Our pets are adventurous and curious, and we love that about them. Occasionally, however, their curiosity can land them in trouble. To help you avoid a pet emergency this holiday season, our team put together a list of common holiday hazards you can help your furry friends steer clear of.

Decking The Halls – Safely

Putting up holiday decorations is a big part of the seasonal fun, but decorations hold unique pet safety concerns. Some hazards you might not have considered include:

Christmas trees. Christmas trees can topple if curious pets investigate (or climb!) on them, so be sure to secure your tree well. If you have a real tree that you need water regularly, ensure your tree water is free from chemicals and discourage pets from using it as a hydration station. Better yet, cover the stand so they can’t get to the water.

Cats love to bat around the ornaments on the tree, but glass ornaments can break easily, increasing the risk of cut paws or noses. Keep glass and ornaments higher on the tree where curious critters can’t reach them.

String lights and electrical cords. Cords can pose both a risk of entanglement and electric shock. Place all cords out of the pets’ reach and be sure string lights are securely fastened.

Tinsel, wrapping paper, and ribbon. Many pets, especially cats, are attracted to tinsel, ribbon, and crinkly wrapping paper. But, if ingested, tinsel and ribbon can pose a serious risk of choking and entanglement in the gastrointestinal tract. Either scenario often requires emergency surgery to remove.

Holiday plants. Mistletoe, holly berries, and poinsettias are toxic to pets if ingested. Substitute the real stuff for faux flowers and place them high up where pets cannot be tempted.

Candles. Many of us love the flickering glow of candles this time of year as well as the comforting aromas wafting through the house, but more candles means a higher fire hazard risk. Place candles out of reach so they cannot be knocked to the ground by paws or tails and no whiskers get singed or burned by the flames. Likewise, not all fragrances or scented oils are safe for pets. When in doubt, ask your veterinarian.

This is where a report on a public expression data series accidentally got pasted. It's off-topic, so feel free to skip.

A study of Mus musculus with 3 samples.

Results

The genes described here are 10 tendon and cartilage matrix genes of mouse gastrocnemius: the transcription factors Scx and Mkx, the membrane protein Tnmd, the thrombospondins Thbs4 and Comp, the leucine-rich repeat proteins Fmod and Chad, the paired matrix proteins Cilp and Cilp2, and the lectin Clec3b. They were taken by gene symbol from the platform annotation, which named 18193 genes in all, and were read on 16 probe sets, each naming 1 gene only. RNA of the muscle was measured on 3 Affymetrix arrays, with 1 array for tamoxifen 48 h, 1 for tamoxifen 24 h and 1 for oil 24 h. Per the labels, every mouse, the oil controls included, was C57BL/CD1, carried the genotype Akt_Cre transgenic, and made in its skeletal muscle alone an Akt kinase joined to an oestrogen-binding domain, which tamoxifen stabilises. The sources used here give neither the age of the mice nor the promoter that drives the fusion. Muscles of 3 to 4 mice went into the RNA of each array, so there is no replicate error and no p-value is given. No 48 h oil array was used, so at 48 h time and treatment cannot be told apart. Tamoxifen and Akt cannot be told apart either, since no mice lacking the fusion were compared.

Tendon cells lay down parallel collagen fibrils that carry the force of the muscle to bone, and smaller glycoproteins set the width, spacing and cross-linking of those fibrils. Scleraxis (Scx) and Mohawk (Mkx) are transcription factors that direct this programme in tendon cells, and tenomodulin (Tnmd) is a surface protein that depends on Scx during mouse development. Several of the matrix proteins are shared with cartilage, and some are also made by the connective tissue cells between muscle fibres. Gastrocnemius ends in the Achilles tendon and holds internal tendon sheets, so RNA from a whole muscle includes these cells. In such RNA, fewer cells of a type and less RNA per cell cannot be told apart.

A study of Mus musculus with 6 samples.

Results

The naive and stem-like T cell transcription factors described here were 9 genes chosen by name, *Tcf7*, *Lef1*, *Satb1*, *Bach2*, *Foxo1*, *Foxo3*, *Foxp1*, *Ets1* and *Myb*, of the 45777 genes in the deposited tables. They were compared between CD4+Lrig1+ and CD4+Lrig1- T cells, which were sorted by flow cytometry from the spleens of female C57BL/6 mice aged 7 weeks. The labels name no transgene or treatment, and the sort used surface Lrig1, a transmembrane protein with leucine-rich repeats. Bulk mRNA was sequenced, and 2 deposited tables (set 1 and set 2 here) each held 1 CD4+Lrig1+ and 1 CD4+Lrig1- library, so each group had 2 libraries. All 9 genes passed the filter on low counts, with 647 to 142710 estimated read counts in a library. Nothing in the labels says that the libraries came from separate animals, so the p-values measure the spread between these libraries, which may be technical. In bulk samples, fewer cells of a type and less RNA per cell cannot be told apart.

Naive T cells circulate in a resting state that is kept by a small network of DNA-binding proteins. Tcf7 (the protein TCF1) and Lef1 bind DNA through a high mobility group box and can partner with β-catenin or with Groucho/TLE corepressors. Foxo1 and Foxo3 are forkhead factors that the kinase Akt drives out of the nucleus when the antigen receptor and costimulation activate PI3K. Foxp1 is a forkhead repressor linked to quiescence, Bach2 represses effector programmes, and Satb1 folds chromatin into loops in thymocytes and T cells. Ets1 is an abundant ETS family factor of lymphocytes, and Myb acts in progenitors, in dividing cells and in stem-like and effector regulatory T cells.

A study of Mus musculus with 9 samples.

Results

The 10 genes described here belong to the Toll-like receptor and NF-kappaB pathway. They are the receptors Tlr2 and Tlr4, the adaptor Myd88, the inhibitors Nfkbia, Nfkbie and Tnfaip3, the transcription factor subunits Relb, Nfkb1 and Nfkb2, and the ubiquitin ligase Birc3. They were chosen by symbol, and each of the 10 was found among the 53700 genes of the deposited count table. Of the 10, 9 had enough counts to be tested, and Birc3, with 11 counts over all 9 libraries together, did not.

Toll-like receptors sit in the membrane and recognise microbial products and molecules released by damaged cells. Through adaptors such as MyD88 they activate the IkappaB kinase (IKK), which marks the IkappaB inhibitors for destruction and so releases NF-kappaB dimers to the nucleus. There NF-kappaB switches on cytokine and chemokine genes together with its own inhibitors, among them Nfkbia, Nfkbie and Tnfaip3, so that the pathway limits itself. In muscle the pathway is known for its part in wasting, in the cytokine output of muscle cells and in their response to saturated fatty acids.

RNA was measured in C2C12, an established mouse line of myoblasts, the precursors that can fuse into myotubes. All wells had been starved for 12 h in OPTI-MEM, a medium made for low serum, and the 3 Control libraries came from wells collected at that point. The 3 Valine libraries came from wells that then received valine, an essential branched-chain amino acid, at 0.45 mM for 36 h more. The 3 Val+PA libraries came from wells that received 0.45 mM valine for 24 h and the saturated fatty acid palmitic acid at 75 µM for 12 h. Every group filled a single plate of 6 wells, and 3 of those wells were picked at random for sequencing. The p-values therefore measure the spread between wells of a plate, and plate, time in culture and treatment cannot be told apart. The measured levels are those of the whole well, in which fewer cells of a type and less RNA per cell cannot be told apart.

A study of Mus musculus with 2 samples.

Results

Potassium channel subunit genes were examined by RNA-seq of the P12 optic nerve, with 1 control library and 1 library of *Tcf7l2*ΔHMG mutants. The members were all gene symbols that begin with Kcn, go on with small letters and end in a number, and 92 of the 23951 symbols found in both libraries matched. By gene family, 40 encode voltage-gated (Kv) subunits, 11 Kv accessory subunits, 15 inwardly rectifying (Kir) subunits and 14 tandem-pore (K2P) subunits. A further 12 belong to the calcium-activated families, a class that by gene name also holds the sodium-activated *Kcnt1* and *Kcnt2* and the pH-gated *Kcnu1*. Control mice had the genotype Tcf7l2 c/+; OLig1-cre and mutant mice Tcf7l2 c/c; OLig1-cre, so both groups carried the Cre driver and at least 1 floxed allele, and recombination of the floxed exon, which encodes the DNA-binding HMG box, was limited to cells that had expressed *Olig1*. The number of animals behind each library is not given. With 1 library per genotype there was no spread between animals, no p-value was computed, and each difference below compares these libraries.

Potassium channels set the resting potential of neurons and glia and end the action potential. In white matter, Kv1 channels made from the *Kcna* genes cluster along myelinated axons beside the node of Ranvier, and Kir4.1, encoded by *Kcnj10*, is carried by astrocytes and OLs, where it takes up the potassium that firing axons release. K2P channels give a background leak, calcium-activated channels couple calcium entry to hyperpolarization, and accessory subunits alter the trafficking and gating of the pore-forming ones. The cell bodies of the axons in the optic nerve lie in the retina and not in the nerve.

Dreidels. These fun and sweet Hanukkah toys could pose another foreign body risk to pets if they are chewed on or ingested. While large dreidel toys exist, most are small, making them a potential choking hazard. Ward off tummy troubles or a foreign body obstruction by carefully observing your pet when playing with new toys.

Holiday Food Dangers for Pets

The quintessential holiday foods we all love to share can pose a toxicity risk for pets. Most of us know to avoid giving our pets chocolate, so leaving a dish of chocolates out on the coffee table is a definite no-no.

Besides chocolate and candy, here’s a list of foods your pets should avoid this holiday season:

  • Alcohol
  • Bones
  • Fatty table scraps (like turkey skin)
  • Grapes and raisins
  • Macadamia nuts
  • Onions, garlic, and chives
  • Unbaked yeasted dough
  • Xylitol (a sweetener found in sugar-free candy, gum, and peanut butter- also called birch bark)

While some of these treats can be downright dangerous to your pets, others pose the risk of GI upset, a foreign body obstruction, or a life-threatening condition called pancreatitis.

If you want to share something tasty with your pets, try baking a batch of pet-friendly dog or cat treats. There are a few options to give in moderation from your holiday table, too. Most veggies sans butter are a good choice. Dogs often like a small dollop of pumpkin or sweet potato puree. If you feel compelled to share, you can also opt for a small piece of well-cooked, unseasoned lean turkey meat.

Holiday dangers for pets are a genuine concern, but knowing where the dangers lie is a significant first step in keeping them safe. And, as always, call us immediately if you suspect your pet may have ingested something potentially harmful. We hope you and your pets have a safe and festive holiday season.